Scientists are warning the medical community that porcine deltacoronavirus (PDC), a new virus usually witnessed in pigs, may put humans at risk. Researchers from Ohio State University and Utrecht University In the Netherlands collaborated on the project, which studied the organism closely in a laboratory to evaluate its behavior in various scenarios.
• Scientists first exposed the virus to pig cells. Then, they ran the same exposure tests on human tissue cells instead. Porcine deltacoronavirus organisms appeared to survive and thrive in the presence of human tissues.
• It isn’t yet clear if the findings prove the virus is harmful to us in any way. It’s feasible that humans are simply carriers or the virus is hardy enough to survive in the body for a short period of time.
• In pigs, infection with the deltacoronavirus mimics symptoms of other illnesses like SARS (Severe Acute Respiratory Syndrome) and MERS (Middle East Respiratory Syndrome). It also impacts the gastrointestinal tract, causing vomiting and diarrhea.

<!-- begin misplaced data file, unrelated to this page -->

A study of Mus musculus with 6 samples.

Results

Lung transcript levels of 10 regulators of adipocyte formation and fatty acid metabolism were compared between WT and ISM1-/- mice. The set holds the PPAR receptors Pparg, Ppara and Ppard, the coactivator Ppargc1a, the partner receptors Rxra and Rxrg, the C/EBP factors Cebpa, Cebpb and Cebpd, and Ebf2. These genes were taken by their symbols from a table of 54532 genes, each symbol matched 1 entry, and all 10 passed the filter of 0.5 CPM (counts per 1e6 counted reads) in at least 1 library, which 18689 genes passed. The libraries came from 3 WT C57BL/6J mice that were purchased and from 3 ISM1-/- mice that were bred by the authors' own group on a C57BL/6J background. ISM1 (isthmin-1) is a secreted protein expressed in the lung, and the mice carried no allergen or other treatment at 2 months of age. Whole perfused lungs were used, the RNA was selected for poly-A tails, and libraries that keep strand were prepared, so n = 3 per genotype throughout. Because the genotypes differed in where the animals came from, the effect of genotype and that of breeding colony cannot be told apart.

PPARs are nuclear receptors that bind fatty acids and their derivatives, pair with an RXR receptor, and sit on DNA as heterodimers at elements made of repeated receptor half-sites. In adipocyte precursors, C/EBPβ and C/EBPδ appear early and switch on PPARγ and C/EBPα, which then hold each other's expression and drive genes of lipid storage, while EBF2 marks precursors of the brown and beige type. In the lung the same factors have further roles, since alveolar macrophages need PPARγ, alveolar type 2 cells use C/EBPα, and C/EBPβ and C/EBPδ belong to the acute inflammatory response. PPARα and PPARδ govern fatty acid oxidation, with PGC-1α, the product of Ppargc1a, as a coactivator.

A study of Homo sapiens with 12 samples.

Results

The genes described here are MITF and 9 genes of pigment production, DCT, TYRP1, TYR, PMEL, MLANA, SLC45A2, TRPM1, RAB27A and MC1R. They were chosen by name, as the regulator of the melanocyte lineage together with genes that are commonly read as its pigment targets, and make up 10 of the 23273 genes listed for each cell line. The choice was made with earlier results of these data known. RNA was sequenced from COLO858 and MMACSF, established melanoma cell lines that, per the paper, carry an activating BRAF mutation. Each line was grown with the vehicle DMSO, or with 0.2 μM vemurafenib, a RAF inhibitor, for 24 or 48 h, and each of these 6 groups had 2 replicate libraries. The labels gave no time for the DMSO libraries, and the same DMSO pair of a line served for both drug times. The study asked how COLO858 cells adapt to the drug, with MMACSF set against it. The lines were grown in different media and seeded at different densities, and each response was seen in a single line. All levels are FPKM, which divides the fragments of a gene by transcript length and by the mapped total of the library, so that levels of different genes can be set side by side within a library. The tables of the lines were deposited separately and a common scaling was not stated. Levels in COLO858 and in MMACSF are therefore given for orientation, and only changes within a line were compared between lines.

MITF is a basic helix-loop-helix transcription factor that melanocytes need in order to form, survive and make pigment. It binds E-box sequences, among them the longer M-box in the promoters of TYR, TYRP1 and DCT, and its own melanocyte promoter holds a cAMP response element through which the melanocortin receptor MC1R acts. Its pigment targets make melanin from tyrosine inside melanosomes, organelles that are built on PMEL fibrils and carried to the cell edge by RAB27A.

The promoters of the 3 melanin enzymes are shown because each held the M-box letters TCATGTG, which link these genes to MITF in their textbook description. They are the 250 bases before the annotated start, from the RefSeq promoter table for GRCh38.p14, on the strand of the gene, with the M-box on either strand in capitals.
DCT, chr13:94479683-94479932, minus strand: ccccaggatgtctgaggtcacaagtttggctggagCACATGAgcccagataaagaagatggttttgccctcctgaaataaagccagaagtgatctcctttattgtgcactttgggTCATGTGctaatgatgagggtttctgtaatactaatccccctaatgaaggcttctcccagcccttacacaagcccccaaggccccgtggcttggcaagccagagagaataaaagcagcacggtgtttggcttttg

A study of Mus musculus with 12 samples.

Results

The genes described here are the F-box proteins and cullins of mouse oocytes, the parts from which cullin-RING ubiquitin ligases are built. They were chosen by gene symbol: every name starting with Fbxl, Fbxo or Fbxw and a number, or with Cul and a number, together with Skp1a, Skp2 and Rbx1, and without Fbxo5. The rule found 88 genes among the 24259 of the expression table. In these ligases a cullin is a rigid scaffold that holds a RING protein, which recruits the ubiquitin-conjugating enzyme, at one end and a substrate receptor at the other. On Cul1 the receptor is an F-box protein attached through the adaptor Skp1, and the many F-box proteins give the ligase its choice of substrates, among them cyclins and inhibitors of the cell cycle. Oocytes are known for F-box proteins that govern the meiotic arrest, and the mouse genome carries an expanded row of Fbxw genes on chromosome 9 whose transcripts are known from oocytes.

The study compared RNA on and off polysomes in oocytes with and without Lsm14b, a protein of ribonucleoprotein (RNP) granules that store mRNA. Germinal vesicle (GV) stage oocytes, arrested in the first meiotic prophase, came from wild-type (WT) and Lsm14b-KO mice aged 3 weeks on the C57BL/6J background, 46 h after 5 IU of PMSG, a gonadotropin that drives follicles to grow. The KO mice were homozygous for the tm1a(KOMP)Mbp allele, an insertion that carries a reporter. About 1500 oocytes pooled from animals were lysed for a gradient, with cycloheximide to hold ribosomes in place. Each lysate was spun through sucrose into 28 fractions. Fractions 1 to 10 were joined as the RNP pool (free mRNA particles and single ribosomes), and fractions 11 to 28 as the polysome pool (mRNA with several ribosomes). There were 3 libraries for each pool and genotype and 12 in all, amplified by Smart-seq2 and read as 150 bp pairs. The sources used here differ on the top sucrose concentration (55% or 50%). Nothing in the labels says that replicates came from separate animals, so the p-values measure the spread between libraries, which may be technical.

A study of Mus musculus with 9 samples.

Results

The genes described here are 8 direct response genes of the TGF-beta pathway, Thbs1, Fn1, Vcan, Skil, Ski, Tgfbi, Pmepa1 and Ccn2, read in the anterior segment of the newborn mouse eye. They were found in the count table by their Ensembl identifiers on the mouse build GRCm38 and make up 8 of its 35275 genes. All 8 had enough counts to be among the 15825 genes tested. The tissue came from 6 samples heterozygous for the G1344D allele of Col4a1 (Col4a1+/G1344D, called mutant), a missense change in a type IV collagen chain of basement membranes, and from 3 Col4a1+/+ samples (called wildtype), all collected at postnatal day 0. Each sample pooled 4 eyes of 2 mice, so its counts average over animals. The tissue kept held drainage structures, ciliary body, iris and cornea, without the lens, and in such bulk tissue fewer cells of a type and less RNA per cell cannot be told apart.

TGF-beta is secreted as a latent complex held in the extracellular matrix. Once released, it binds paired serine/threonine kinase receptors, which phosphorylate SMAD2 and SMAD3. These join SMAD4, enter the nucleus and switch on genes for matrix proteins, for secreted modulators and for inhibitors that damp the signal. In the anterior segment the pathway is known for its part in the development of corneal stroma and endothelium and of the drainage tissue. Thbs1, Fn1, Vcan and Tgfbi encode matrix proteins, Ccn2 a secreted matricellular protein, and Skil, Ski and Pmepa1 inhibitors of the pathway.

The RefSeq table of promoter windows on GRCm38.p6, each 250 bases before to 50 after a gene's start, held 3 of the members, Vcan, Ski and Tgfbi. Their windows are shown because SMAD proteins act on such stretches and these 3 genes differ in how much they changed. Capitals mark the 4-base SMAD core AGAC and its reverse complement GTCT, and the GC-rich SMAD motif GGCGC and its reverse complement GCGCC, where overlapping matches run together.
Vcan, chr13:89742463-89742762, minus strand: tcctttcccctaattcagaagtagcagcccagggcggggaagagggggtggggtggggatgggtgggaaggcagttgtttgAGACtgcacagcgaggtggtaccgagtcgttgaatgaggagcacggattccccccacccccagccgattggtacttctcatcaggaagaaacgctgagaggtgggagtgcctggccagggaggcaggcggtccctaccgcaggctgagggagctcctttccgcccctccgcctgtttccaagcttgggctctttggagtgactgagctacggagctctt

• PDC may also share zoonosis with other animals, including chickens and cats. Researchers were able to successfully demonstrate replication in both animals at the same time. However, it isn’t clear if that means chickens and cats also pose a risk to humans.
• Coronaviruses are incredibly common in our world. Statistics reflect that most have a significantly higher chance of transferring to humans from animals than other viruses when looking at historical trends.
• Although this particular organism is new, researchers have identified outbreaks in the past. This includes at least one diagnosis in China, circa 2012, and a second event in the United States, circa 2014.
• The original event (“patient zero”) in China confused researchers because infected pigs showed virtually no symptoms of disease. Later diagnoses on U.S. soil, did. American pigs vomited, had diarrhea, and were very obviously “diseased” – including at least a few fatalities.